Although this is not actually one of my "Harbinger" artworks, it was while I was photographing Hinduism's notorious Goddess Kali and her "bizarre" entourage of fierce looking Yoginies, those grotesque creatures that do her bidding. When the creative inspiration for this "Harbinger" series of images first came to my mind. This Kali riverside composite mural was photographed in October of 1994 on 25 ISO Kodachrome slide film. Working with such an incredibly slow ISO film became a confining reality for me, because it meant that my camera's shutter speed times were exceedingly slow for most photographing occasions. Those young digitally based photographers of today, probably don't realize just how incredibly lucky they are, to be working with 1600, 3200 or 6400 ISO. I also had to work under very hot and incredibly humid conditions, using a film based Nikon F4, 35 mm camera with Nikon's 800 mm telephoto lens. At times I even added the 1x4X converter to the lens, thus turning it into a 1120 mm lens. I used the 800 mm lens and the 1.4X converter combination to do much of the sky and all of the water and swimming imagery. By the way the swimmers are holding up Kali's scythe, the one she uses to slay her adversaries. The swimmers had drifted and swum incredibly far down the Hooghly river, when I noticed the scythe being held above the water, that surprisingly was not planned. If I am remembering correctly, the images for this mural were gradually gathered over a three day period, and then later on it was all pieced together back in the studio.
I purchased the blue statue of Goddess Kali from one of the potters that had a front of home workshop in Kumartuli, that's the place where they construct mud and straw religious statues in Calcutta. Luckily for me I had developed a multi year relationship with some of the locals in Kumartuli. So it wasn't too difficult to convince the neighborhood children to help me carry the heavy river mud, straw and bamboo statue, down to the rivers rather steep bank and then pose for me, where this 972 frame image was created. I imagine that I probably paid them for all their time and efforts, but for some reason, perhaps the vagaries of time, I can't seem to remember if I actually did or not. Amazingly I managed to take one hundred rolls of 25 ISO Kodachrome film, spread over that three day period. Then later on, back in the studio and of course with the film having been returned from Kodak, who did the Kodachrome film processing. I remember waiting about a month for everything to be returned back the photo store, arriving as the rolls did twenty or thirty rolls in each of the shipments. I did have 1000 rolls for Kodak to process from that trip, so that's why it took so long for them to process everything. I slowly assembled the large image working frame by frame on a large specially designed 60X72 inch upright slide viewing light box. I designed and had someone locally build it for me. I carefully taped twenty seven rows of 35 mm mylar sleeves onto the glass surface of upright light box, this in order to hold the 35 mm un mounted Kodachrome film in their place, so I could construct the mural image, essentially working with the slide film frame by frame as it went along.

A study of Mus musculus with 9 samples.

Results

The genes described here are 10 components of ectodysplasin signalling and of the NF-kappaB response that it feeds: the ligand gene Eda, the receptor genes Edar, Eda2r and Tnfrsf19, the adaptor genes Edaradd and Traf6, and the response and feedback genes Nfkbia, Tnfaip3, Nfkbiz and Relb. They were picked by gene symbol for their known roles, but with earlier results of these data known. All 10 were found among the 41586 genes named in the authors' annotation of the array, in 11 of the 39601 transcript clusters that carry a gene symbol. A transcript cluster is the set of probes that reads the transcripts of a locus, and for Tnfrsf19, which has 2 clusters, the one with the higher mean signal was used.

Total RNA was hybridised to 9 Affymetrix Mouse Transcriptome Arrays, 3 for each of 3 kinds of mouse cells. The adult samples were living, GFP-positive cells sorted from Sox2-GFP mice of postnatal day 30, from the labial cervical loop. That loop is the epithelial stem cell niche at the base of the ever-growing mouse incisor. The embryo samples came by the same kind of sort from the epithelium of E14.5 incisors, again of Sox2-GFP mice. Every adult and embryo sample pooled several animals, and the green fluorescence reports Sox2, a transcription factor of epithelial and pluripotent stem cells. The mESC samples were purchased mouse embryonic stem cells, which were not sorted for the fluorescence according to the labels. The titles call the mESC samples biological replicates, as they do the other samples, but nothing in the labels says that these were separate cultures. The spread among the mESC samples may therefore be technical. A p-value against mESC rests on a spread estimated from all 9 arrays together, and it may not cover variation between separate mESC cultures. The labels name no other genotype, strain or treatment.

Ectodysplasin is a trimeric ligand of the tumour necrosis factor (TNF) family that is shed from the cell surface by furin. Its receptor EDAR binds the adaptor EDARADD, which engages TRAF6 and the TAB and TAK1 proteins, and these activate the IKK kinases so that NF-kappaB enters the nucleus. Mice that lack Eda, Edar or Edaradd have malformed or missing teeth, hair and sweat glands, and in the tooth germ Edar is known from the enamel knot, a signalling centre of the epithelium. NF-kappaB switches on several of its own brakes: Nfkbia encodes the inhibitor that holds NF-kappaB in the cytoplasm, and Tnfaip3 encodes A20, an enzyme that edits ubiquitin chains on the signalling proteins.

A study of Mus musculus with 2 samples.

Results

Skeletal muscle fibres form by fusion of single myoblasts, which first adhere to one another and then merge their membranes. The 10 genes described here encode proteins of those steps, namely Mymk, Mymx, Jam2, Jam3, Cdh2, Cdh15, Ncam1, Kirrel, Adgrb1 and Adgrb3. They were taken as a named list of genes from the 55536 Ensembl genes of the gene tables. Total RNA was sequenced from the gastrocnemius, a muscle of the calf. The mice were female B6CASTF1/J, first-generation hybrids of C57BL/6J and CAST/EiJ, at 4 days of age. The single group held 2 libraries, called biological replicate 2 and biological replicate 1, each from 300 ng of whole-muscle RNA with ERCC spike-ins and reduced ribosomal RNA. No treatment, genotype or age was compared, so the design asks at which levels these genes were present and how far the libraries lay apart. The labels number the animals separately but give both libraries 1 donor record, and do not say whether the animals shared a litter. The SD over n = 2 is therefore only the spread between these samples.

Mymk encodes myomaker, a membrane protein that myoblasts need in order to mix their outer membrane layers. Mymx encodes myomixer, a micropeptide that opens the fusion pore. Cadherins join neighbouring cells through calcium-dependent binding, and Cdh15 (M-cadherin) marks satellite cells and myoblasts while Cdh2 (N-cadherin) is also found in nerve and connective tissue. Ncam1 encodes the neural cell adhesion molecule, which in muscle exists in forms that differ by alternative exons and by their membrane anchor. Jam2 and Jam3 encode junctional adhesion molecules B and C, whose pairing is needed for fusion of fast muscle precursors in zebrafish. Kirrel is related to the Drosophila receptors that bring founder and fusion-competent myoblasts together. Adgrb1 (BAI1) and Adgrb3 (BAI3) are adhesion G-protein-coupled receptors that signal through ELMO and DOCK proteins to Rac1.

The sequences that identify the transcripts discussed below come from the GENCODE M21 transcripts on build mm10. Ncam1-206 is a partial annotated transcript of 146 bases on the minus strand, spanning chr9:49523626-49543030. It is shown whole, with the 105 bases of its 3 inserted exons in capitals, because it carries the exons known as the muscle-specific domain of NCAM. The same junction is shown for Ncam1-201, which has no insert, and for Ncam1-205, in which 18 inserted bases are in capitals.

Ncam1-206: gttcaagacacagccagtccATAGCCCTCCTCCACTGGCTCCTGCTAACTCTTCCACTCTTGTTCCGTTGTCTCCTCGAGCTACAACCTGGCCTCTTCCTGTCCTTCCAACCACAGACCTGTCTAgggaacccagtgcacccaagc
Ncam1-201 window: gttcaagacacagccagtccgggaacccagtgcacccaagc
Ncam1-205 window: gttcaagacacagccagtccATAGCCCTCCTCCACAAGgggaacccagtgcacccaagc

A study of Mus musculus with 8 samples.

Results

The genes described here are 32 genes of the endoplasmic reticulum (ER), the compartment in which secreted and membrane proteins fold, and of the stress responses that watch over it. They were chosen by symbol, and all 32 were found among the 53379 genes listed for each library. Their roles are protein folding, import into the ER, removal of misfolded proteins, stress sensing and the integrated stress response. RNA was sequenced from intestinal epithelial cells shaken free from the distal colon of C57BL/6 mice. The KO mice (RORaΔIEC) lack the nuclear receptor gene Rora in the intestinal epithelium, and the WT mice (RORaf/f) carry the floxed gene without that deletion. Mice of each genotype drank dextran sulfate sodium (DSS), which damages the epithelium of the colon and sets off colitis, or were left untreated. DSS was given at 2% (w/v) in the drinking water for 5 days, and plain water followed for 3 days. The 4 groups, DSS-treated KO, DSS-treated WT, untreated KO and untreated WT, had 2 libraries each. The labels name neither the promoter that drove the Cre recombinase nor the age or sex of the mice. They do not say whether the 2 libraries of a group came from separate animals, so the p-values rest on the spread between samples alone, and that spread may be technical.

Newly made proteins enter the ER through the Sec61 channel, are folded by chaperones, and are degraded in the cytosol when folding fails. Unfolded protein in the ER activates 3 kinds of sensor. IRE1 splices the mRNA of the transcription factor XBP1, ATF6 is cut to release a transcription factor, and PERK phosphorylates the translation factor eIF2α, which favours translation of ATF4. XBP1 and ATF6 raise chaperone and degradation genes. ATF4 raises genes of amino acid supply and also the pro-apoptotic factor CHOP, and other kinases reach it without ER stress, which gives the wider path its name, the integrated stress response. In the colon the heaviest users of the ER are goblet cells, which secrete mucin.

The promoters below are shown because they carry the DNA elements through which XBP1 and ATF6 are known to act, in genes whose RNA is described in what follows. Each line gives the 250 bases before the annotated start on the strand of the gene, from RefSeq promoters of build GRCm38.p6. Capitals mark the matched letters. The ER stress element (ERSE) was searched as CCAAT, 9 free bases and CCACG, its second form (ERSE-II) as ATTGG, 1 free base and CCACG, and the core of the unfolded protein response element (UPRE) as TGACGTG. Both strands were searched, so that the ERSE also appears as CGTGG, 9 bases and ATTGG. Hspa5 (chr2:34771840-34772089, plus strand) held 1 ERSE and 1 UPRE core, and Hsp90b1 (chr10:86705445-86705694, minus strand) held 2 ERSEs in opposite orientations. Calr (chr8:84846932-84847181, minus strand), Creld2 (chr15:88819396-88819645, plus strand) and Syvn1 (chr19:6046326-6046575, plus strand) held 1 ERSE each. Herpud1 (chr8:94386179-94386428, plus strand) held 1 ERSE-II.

Once the image was fully assembled on the stand up light box, I then removed it in a very carefully planned order. This is so that I would be able to make film based inter negatives and eventually I imagined, scanning and digitizing all of the Kodachrome slides, of course I originally thought of batch scanning them, I never thought of scanning them one at a time, like I ended up doing. Then on my work only computer, a custom built PC unit, I assembled the images by grouping them into twenty four separate panels. Most of panels hold forty two Kodachrome images, the bottom six panels hold slightly less. Once the twenty four panels were assembled and contained the proper imagery, I brought the panels together to create the first digital version of my rivers edge Kali image, which is now, and this is quite hard for me to believe this, but it's nineteen years since I originally photographed it.
The image seen above has been slightly cropped, it is the more "resolved" digital version, of that original Kodachrome ISO 25 mural. I removed some of the sky and water imagery on the right hand side, just to center the Kali imagery. For the original image created back in 1995, film inter negatives were made for each frame, then they was printed out on Ektacolour paper and I hand cut and hand assembled the images working one tiny image at a time. I had originally planned to print this mural using the three colour gum method. Unfortunately that planned undertaking ended up proving to be cost and time prohibitive for me. However I did manage to do some three colour gum print testing on a good number of the Kodachrome slides and in fact the results were really quite excellent, amazing in fact, however it just wasn't meant to be printed out in gum, such a pity. As mentioned, above is the most recent re worked un-blended version of the "Kali"mural, however if you are interested in seeing how the original version looked, the mural that was put together back in 1995, it's located here ..... KALI RIVER MURAL
The image seen above is printed on 64X102 inch matte canvas medium with a UV protective satin overcoat, the actual image size is 60X96.75 inches, it has a printing resolution of 300 DPI, and the file size is 1.46 GB
The original "KALI RIVER MURAL" is printed on a 64x126 inch heavy matte canvas medium with a UV satin protective overcoat, the actual image is 60X120 inches, with a printing resolution of 300 DPI, the file size is 1.82 GB.